Saturday, March 1, 2014

Village of Swanton,Ohio is Appealing the States PRB-1


An Ohio town is appealing the States PRB-1 like law into the court system. This after it lost an appeal by a ham who was given the right to put up an antenna that the municipality had denied. We have the latest from Amateur Radio Newsline’s Stephan Kinford, N8WB:


On February 4th the Village of Swanton Ohio filed a notice of appeal of its intention to challenge the decision of the Fulton County Common Pleas Court in the case of Gary Wodtke versus the Village of Swanton.

The legal issue began when the Village denied Gary Woodtke’s tower application and Wodtke, who holds the call WW8N, appealed that decision to the Fulton County Common Pleas Court. The Court ruled in favor of Wodtke telling the Village that it must approve a variance to WW8N’s antenna support structure. Instead the Village is now appealing that order into the Court of Appeals for the Sixth District.

In its docketing statement the Village of Swanton asserts four potential issues including one that questions whether Revised Code Section enacted by H.B. 158, which is Ohio’s version of the Federal PRB-1 statute is constitutional. It also questions whether H.B. 158 was constitutionally applied in this case.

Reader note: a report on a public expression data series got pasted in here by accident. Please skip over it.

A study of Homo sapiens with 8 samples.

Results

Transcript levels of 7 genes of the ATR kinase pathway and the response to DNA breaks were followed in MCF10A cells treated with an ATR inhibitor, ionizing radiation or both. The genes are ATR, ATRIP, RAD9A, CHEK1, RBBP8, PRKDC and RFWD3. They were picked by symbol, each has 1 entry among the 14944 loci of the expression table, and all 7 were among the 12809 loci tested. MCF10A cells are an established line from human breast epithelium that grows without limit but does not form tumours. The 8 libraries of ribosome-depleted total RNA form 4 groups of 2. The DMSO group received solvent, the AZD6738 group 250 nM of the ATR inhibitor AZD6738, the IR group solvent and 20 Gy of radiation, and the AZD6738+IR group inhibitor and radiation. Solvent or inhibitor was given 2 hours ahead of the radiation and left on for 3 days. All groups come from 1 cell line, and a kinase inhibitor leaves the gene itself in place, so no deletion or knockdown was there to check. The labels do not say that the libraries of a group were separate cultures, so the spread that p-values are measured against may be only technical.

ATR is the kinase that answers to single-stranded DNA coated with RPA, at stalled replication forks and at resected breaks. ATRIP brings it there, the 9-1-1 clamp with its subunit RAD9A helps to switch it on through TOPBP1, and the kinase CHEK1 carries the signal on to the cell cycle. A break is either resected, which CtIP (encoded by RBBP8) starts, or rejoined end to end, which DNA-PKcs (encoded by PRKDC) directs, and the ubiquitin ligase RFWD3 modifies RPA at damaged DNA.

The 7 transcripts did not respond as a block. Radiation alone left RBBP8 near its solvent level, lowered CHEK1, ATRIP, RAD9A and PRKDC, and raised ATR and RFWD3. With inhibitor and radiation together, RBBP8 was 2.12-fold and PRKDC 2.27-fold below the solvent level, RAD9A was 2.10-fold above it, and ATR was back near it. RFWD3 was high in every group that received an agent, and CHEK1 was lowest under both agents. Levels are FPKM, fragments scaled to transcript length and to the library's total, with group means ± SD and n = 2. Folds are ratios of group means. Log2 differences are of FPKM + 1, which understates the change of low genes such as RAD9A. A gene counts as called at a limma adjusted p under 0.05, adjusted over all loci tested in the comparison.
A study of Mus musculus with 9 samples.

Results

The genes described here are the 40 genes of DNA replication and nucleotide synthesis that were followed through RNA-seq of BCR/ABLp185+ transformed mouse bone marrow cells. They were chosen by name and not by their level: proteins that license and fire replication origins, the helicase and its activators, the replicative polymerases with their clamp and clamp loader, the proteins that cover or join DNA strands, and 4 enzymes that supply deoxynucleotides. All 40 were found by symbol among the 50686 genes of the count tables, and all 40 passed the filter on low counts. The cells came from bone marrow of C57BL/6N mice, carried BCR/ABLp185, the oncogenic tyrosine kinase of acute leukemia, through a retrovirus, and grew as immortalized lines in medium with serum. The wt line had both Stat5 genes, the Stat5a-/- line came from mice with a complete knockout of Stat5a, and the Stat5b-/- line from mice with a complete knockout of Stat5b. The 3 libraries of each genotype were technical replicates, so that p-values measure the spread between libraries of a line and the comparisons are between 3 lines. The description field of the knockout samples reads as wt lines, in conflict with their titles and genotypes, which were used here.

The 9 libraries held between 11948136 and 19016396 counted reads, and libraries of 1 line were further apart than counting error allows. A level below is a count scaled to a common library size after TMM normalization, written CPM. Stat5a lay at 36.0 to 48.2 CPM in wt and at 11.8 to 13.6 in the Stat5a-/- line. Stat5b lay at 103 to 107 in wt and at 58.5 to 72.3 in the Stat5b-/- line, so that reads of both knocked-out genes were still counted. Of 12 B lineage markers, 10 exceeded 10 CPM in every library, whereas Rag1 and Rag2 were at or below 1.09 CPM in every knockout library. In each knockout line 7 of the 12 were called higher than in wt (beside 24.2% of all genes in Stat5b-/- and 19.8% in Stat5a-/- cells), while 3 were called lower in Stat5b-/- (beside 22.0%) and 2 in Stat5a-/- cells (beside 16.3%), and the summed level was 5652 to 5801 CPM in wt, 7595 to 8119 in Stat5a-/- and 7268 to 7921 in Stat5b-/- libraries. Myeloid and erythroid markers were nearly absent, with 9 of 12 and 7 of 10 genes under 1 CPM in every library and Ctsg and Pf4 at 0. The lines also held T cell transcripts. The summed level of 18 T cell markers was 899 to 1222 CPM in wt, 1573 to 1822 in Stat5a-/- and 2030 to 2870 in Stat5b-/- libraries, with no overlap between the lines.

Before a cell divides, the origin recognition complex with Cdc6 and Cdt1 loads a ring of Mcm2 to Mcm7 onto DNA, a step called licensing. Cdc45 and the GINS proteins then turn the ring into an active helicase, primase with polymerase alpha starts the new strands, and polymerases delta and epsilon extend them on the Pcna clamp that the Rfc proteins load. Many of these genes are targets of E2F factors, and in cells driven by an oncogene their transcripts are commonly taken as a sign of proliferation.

Ohio law grants a right of appeal from final decisions of a Common Pleas Court. Appellate decisions are heard by a three judge panel that is usually designated near the time for oral argument. Decisions normally take a number of months after oral arguments are made.

Appellate decisions are generally final, unless further review is granted by the Ohio Supreme Court. While such a Court of Appeals decision represents the law only in that appellate district, it has the ability to be used as a significant precedent in other Ohio courts. It also can be cited in cases in other states that have passed similar state versions of the FCC regulations that are outlined in the text of PRB-1.

Late word is that the ARRL has announced its intention to file a Friend of the Court brief on behalf of Woodtke. This is likely because of the long term potential a finding against WW8N might hold by impacting on any ham living anywhere in the United States.

WW8N is represented by Toledo attorney Carey Cooper and by Fred Hopengarten, K1VR. Hopengarten is considered a national authority on zoning law and amateur radio antenna issues.

source; Stephen Kinford, N8WB, in Wadsworth, Ohio.

Donations to help cover WW8N's mounting legal costs can be sent to him through PayPal to .

It's a long complicated story, but this has been in the courts since 2008. And Gary still doesn't have his tower.

And this is NOT a CC&R or HOA issue! It's the city council who is stopping him at every turn. More details at Ignore all the thread hijackers and the incorrect assertions that "he shouldn't have moved into an HOA" because that is NOT the case here!